Postpone The Implementation Of Minimum Wage On Tourism Players – Warisan

KOTA KINABALU: Warisan questioned the move by the federal government to implement the newly increased minimum wage.

Warisan Luyang Branch Chief Samuel Wong, in a statement, said the implementation is untimely and inconsiderate especially towards hotel and tourism industry players.

“Warisan welcomes the reopening of our country’s borders but the federal government should know that domestic and international borders were only opened recently.”

“The federal government has to be realistic and sensitive towards the plight of tourism industry players.”

“Tourism is one of the sectors heavily hit by the pandemic. Many tourism players still face cash flow constraints.”

“They had struggled to pull through these two years as cash had been flowing out to refund entitled customers from cancellations. This is on top of monthly overheads such as salaries, rentals, utilities and loans.”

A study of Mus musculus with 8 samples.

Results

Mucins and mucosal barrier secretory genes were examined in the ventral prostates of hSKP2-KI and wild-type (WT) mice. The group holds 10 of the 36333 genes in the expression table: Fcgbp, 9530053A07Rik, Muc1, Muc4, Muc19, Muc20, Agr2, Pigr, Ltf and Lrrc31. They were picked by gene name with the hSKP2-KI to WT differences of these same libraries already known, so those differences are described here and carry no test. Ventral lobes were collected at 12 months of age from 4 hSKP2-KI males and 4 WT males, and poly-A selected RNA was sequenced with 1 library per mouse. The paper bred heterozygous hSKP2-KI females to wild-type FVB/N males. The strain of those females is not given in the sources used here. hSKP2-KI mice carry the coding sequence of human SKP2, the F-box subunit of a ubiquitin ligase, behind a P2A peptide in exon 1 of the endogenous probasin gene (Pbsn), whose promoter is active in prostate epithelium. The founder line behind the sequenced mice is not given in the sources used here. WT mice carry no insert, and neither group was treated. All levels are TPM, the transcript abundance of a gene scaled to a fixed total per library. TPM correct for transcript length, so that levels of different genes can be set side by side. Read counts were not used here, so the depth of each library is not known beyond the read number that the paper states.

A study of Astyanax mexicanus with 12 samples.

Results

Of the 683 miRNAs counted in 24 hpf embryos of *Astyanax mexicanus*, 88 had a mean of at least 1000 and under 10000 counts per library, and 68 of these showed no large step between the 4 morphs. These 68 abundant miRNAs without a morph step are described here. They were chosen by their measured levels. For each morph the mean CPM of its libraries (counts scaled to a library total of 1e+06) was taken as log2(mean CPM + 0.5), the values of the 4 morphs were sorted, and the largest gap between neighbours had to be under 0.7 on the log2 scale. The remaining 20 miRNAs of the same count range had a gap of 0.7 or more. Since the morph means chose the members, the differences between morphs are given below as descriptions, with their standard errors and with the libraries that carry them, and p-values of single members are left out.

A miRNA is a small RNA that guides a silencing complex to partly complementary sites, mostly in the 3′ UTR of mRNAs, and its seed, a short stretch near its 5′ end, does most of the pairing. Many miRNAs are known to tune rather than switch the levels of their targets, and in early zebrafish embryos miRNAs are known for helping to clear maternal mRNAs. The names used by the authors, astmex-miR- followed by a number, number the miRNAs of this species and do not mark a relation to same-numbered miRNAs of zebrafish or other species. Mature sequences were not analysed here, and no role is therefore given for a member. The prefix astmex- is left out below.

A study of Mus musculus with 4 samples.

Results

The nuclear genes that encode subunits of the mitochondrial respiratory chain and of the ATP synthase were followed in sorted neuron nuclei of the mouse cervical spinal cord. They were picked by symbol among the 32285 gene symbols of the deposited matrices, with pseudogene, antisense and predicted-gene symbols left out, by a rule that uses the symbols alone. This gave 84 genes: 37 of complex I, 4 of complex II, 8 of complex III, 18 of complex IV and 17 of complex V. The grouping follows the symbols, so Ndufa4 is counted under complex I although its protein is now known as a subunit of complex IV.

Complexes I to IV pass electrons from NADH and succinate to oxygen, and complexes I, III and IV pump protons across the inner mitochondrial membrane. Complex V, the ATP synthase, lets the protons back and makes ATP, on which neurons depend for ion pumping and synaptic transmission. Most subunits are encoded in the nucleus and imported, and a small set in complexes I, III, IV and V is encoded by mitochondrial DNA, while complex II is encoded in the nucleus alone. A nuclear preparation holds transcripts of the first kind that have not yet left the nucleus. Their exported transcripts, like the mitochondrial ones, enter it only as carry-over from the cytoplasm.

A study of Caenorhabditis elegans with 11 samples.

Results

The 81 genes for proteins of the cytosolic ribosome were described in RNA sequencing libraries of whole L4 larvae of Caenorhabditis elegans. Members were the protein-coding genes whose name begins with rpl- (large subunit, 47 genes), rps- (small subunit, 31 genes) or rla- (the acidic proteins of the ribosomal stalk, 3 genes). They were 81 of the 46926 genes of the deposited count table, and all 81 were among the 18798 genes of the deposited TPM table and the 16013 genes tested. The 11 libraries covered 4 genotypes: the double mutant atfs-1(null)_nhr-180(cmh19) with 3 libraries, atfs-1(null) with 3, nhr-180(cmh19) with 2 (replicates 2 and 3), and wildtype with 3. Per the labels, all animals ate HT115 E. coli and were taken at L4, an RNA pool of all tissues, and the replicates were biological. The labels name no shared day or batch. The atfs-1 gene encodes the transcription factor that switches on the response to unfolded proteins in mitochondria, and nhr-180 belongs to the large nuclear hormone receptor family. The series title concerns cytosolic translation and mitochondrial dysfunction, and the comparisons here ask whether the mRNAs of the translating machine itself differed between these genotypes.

“The players are indeed grateful for the wage subsidy program and the low interest rate loans for SMEs which were given by the government, but as for now they are still recovering.”

“The government should instead extend assistance by offering loan moratorium for them to stay afloat, not burdening them with the new minimum wage implementation.”

“Postpone the implementation on tourism players, time is needed for the whole tourism industry to fully recover and this may only occur in 2023.”

“If the government doesn’t extend a ‘lifebuoy’ for these players, a domino effect may set in and this will affect the whole nation’s economy.”

In addition, Samuel also urged the government to take immediate action to weed out illegal travel agents and tour guides which were rampant especially in Sabah during pre-pandemic times.

“How can a licensed bona fide travel agents and tour guides compete with these illegals who do not pay licence fees, taxes, EPF, SOCSO, wages, office overheads etc?”

“The government must protect the legally licensed travel agents and tour guides now so that they can stand up on their feet once again, recovering from the battered tourism industry.”

“Laws are there but will the government enforce them? asked Samuel.